Growth on Demand
When the industry's final results are in, 2002 won't rank as one of publishing's best years. With few bright spots to point to, publishers across every segment are wondering what catalysts will reignite growth?
Publishers used to know the answer to that question. Growth was created by acquiring authors who, in turn, wrote great books. This year, the question is hard to answer.
Sure, acquiring competent authors and great content are as important as ever. But thanks to industry consolidation, there are usually less than five major competitors, within nearly every publishing segment.
This means fewer publishers are fighting for a few great authors, and fighting for the financial resources to combat competitive editorial and marketing moves.
Each publisher tries to find a sustainable editorial or marketing advantage in their segment. They usually end up finding little more than a temporary first-mover advantage.
So what catalyst will reignite publishers' growth? The answer, in part, is found in mass customization. Mass customization means the ability to produce books in micro (very small) quantities, and personalizing them.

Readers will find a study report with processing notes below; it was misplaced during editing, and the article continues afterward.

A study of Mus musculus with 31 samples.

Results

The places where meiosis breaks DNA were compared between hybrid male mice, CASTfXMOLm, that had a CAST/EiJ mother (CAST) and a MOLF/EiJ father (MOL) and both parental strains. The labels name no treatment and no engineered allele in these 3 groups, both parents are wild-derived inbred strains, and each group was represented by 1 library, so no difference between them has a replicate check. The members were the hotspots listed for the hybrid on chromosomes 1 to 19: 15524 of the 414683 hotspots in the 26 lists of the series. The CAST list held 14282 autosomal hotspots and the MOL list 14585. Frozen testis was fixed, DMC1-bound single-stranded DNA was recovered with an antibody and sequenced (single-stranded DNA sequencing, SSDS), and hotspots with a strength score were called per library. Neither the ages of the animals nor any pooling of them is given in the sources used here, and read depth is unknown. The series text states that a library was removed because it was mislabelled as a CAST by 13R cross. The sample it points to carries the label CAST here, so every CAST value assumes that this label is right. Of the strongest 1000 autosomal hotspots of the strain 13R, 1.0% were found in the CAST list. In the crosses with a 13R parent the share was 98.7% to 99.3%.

Due to recent advances in digital book manufacturing, computer databases, and broadband Internet access, it's now possible for publishers to offer readers customized books.
Mass customization satisfies not only readers' existing requirements (needs readers can easily express), but also latent needs (needs they can't express or don't believe can be satisfied).
This allows publishers to deliver more value to readers. Here are some fast facts about how mass customization can grow a publishing concern:
Q. Our sales growth has been flat in the past two years, and we are looking for new ways to add incremental sales without increasing expenses or staff. Is there a way that short-run digital book manufacturing can help grow sales?